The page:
FAQs on certified translations in Germany


The formal requirements for certified translations may vary from one country to another. Customers may ask themselves why the certified translation of their documents looks the way it does. Also, they might be overwhelmed by the information they are given.

Producing certified translations is a professional service that should also be carried out by professionals only. If the translated document does not show all the required features, the relevant authority might not accept the translation that you have paid money for.

I would like to try and shed a little bit of light on some of the frequently asked questions. In Germany, we have clearly defined rules on how to prepare certified translations (often also referred to as sworn translations). There are some documents from the Regional Courts (Landgerichte) or other relevant administrative bodies that summarize the requirements and features a certified translation must show. Personally, I find the guidelines for preparing certified translations published by the professional association of interpreters and translators in Germany (BDÜ) very useful. A copy of these guidelines may be downloaded here. The document is available in German only, though.

Who is allowed to prepare certified translations?

In Germany, only sworn translators may prepare certified translations. In order to be sworn in, they must prove that they are qualified to do the job. Which they can do either by proving their university education level or by passing a state-approved examination. By the way: The titles for sworn translators in Germany may vary from one "Land" to another. Sometimes they are called "beeidigter Übersetzer" or, as in my case, "ermächtigter Übersetzer". Both terms mean that they are "authorized" to produce certified translations.

Where can I find a sworn translator?

The professional association of interpreters and translators in Germany (BDÜ) has an extensive register of all members offering translation services. You can search for translators in different language pairs and areas of expertise. They also list all member colleagues offering sworn translations. Try out their sesarch at: https://search.bdue.de/

Who can become a sworn translator?

Basically everyone who proves their qualification. You don't need to have a university degree. If you have sufficient knowledge of the language, you may apply for state examination. Everyone who then passes the respective exams may call themselves a "sworn translator".

Which details must the translation bear?

The translation must bear the endorsement of the translator along with their seal and signature. The endorsement must also indicate translator's name and contact details as well as the date and the place where the translation was produced. Also, the title authorizing the translator to produce the certified translation must be indicated in the endorsement. The translation shall also bear a header mentioning the source and target language and indicate whether the text was translated from the original, a true copy or a simple copy. It is common practice to attach a coppy of the source text.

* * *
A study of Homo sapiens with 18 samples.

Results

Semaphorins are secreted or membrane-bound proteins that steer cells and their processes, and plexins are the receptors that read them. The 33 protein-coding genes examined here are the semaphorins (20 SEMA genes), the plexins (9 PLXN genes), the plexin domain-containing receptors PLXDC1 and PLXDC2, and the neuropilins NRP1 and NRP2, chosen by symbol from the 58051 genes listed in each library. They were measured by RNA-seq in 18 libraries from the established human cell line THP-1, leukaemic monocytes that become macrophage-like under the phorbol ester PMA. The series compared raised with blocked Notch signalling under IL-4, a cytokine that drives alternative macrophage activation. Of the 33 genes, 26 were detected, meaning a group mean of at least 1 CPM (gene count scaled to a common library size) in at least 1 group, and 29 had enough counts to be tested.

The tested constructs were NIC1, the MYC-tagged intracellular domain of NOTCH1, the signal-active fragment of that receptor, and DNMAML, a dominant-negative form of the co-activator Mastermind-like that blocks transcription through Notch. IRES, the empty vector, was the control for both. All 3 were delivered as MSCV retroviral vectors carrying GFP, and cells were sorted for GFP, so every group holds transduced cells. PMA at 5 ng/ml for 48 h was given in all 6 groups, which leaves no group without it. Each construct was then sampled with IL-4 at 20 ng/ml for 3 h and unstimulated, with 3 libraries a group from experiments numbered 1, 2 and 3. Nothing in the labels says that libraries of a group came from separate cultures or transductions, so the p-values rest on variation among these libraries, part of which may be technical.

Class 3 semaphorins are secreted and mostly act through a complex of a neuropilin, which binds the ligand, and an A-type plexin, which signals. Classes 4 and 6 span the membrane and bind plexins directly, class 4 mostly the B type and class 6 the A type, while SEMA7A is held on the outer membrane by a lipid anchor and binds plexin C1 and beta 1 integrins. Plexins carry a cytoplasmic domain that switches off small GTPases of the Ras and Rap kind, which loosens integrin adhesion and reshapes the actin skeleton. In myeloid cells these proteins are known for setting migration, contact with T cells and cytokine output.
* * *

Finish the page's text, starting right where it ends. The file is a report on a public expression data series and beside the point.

What is an endorsement and is it really necessary?

Every certified translation must bear an endoresement. It is the part the actually makes the translation a certified one, because it has the seal and signature of the translator along with their contact details. It also confirms that the translation is true and accurate and indicates whether or not the translation was made from the original or a copy.

Why are there no signatures from the original document on my certified translation?

A certified translation may be like an original, but it is not in fact. A signature is unique and may only be placed by the person to who it does belong to. That means that any signature must be removed for the translation and a note be placed instaed indicating that there is a signature on the original in that particular spot.

I don't like the way the translation reads. What can I do?

Sometimes our hands are tied when it comes to translations of official documents. There are clearly defined rules on how to proceed with state names for example. Or what to do with proper names, stamps, signatures etc. Also, we are obliged to put a note for every odd detail like handwritten text, stains etc. The goal with sworn translation is always to be accurate in every detail and not to produce a well-written piece of poetry. Or a text that pleases the customer. After all, a certified translation is equal to an original official public documents with all legal effects that it may imply.

Do I have to send the original documents to the translator?

As the translation shall bear a comment indicating whether the translation was produced from the original or a copy, I recommend submitting the original to the translator. If that is possible. The original is always more reliable than a copy. A true copy is somewhat equal to an original. Sometimes it might not be possible to submit the original. In which case a translation "from the copy" is an option. Although I would recommend here to check back with the recipient of the translation if they will accept it from the copy.

Can a sworn translator from my home country prepare my certified translation and can I use that translation in Germany then?

That depends on whether or not the German authority asking for the translation will accept it from a translator who is not registered as sworn translator in Germany. Please do inquire with the relevant authority.


As a sworn translator before the Courts of Germany

with long-standing professional experience,

  holder of a university degree in Translation Studies and

full member of the German Professionals’ Association of Interpreters and Translators (BDÜ),

I offer sworn translations of your public documents.